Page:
We are a Revolutionary War reenactment group based in Boston MA,
accurately portraying the royal household regiment that is now known as
The Grenadier Guards

 


 

The malodorous streets of London
in the eighteenth century


London - or the "great wen" as it was also labeled, was a huge metropolis. In order to feed its multitudes, vegetables, fish, fowl and meat were taken to London. Herds of cattle, geese and chicken were driven there every day. All kinds of trades were carried out, many of them extremely foul. Wool-preparation, tanneries and tallow-chandleries were particularly malodorous. There was no organized means of disposal of the by-products of these industries. Much offal and garbage was simply slopped into the streets, along with the contents of the chamber-pots. Walking under the jutties (the old wooden houses that projected out over the streets) one constanly had to be aware of the shout of "gardyloo!" (= gardez l'eau. Watch out for the 'water') which preceded the splash. Streets that had proper drainage usually had a channel in the middle of the street (unlike the more modern system of a gutters each side). Other large cities were no different from London.

Although poets extolled London and its beauty (notably Wordsworth's "Earth has not anything to show more fair..." ) the reality could be grittier.

The satirist, Jonathan Swift, 1667-1745 (author of 'Gulliver's Travels') wrote the following satirical poem.
You've seen the usual poetry written in the 18th Century - it is romantic, high-flown, rhetorical, and overloaded with classical allusions. This poem is a short swift kick in the pants - a dose of the reality of how things were in the city in those days.

A Description of a City Shower
by Jonathan Swift

Careful observers may foretell the hour
(By sure prognostics) when to dread a shower:
While rain depends, the pensive cat gives o'er
Her frolics, and pursues her tail no more.

Returning home at night, you'll find the sink
Strike your offended sense with double stink.
If you be wise, then go not for to dine;
You'll spend in coach hire more than save in wine.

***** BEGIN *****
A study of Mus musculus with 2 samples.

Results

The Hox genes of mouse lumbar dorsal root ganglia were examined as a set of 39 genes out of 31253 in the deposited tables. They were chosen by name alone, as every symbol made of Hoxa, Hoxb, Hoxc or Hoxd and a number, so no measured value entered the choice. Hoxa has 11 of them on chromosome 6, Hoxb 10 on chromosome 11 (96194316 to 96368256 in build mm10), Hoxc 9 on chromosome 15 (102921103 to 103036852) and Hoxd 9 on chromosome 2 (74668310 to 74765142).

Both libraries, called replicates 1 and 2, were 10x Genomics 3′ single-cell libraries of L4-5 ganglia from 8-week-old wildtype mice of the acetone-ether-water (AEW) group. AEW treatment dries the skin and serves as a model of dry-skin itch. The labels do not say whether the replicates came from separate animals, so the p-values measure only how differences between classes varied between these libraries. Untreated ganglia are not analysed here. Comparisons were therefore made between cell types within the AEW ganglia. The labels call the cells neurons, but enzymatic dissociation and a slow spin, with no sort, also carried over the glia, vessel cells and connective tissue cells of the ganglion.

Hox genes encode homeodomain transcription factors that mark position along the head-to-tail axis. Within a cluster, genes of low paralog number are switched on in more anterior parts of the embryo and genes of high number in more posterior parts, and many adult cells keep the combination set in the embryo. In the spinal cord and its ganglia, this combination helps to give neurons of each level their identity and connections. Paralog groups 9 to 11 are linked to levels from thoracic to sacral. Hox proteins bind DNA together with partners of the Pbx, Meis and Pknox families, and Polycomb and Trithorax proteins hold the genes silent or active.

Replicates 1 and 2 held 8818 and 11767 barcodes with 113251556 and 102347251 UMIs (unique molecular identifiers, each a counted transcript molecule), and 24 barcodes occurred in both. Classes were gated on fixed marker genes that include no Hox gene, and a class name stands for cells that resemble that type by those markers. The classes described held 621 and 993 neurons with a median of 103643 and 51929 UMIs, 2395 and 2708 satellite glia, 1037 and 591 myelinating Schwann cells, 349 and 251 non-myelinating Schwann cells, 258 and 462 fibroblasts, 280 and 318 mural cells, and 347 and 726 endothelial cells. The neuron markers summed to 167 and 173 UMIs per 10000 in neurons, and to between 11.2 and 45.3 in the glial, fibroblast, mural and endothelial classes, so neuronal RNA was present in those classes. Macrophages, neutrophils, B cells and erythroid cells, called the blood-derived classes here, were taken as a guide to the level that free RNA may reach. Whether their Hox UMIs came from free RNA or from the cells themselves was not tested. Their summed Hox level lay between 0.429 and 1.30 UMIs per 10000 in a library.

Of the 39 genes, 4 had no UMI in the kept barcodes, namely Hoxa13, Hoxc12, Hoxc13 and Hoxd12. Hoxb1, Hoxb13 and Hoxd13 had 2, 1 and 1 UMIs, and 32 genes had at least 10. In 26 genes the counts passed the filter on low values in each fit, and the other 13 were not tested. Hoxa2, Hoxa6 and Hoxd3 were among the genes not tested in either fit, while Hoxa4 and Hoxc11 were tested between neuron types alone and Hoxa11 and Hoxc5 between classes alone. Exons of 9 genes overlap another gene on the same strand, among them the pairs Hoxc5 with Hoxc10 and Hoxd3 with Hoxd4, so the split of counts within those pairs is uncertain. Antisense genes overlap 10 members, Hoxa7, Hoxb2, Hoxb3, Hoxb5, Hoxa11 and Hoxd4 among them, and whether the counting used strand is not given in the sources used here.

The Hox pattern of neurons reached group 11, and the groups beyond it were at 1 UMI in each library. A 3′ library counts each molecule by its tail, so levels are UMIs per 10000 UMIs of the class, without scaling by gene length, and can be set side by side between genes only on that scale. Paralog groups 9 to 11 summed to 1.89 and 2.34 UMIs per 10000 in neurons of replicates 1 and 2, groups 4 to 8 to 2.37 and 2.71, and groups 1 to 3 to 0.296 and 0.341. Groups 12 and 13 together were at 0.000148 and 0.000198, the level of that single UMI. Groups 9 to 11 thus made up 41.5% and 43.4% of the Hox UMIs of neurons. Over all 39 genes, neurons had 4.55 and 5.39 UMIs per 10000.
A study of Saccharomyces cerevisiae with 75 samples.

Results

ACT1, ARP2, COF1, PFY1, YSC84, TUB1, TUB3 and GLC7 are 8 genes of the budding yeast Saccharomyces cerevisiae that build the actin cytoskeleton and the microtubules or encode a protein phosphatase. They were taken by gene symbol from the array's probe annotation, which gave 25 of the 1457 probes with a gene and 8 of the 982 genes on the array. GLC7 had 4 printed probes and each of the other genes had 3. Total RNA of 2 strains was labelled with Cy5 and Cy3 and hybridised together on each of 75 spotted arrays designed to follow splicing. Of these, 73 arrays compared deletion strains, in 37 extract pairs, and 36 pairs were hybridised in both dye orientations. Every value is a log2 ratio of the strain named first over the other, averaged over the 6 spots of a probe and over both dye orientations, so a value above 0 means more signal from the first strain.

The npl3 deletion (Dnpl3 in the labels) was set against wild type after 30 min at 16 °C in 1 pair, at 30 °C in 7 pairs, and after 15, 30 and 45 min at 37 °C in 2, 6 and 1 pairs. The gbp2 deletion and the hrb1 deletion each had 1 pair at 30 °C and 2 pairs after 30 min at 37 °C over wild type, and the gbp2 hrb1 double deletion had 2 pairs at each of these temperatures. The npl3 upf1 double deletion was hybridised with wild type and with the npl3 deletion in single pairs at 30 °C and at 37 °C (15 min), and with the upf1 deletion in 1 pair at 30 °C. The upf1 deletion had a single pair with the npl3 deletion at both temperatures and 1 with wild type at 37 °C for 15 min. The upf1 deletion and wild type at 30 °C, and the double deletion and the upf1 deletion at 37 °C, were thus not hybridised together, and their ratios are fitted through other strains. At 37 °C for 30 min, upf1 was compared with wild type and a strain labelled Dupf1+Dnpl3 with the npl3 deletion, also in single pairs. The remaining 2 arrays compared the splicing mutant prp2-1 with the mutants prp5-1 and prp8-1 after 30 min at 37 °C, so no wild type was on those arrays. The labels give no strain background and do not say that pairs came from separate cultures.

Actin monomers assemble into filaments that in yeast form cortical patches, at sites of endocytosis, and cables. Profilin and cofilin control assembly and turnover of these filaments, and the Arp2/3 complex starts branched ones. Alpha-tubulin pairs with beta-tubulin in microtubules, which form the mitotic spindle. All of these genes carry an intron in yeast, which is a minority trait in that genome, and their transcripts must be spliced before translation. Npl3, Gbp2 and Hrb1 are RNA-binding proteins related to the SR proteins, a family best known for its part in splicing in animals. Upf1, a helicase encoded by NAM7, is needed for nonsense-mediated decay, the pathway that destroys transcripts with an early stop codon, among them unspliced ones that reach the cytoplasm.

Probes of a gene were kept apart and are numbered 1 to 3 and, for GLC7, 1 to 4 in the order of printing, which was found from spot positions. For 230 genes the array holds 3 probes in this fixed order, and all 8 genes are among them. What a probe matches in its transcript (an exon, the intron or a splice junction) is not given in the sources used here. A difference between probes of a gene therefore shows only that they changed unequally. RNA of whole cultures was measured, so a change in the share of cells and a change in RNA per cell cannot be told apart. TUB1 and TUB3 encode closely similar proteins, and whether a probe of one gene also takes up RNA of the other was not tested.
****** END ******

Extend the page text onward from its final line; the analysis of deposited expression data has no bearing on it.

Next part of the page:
A coming shower your shooting corns presage,
Old aches throb, your hollow tooth will rage.
Sauntering in coffeehouse is Dulman seen;
He damns the climate and complains of spleen.

Meanwhile the South, rising with dabbled wings,
A sable cloud athwart the welkin flings,
That swilled more liquor than it could contain,
And, like a drunkard, gives it up again.

Brisk Susan whips her linen from the rope,
While the first drizzling shower is borne aslope:
Such that sprinkling which some careless quean
Flirts on you from her mop, but not so clean:
You fly, invoke the gods; then turning stop
To rail; she singing, still whirls on her mop.

Not yet the dust had shunned the unequal strife,
But, aided by the wind, fought still for life,
And wafted with its foe by violent gust,
'Twas doubtful which was rain and which was dust.

Ah! where must needy poet seek for aid,
When dust and rain at once his coat invade?
Sole coat, where dust cemented by the rain
Erects the nap, and leaves a mingled stain.

Now in contiguous drops the flood comes down,
Threatening with deluge this devoted town.
To shops in crowds the daggled females fly,
Pretend to cheapen goods, but nothing buy.

The Templar spruce, while every spout's abroach,
Stays till 'tis fair, yet seems to call a coach.
The tucked-up sempstress walks with hasty strides,
While streams run down her oiled umbrella's sides.

Here various kinds, by various fortunes led,
Commence acquaintance underneath a shed.
Triumphant Tories and desponding Whigs
Forget their feuds, and join to save their wigs.

Boxed in a chair the beau impatient sits,
While spouts run clattering o'er the roof by fits,
And ever and anon with frightful din
The leather sounds; he trembles from within.

So when Troy chairmen bore the wooden steed,
Pregnant with Greeks impatient to be freed
(Those bully Greeks, who, as the moderns do,
Instead of paying chairmen, doth run them through),
Laocoon struck the outside with his spear,
And each imprisoned hero quaked for fear.

Now from all parts the swelling kennels flow,
And bear their trophies with them as they go:
Filth of all hues and odors seem to tell
What street they sailed from, by their sight and smell.

They, as each torrent drives with rapid force,
From Smithfield or St. Pulchre's shape their course,
And in huge confluence joined at Snow Hill ridge,
Fall from the conduit prone to Holborn Bridge.
Sweeping from butchers' stalls, dung, guts, and blood,
Drowned puppies, stinking sprats, all drenched in mud,
Dead cats, and turnip tops, come tumbling down the flood.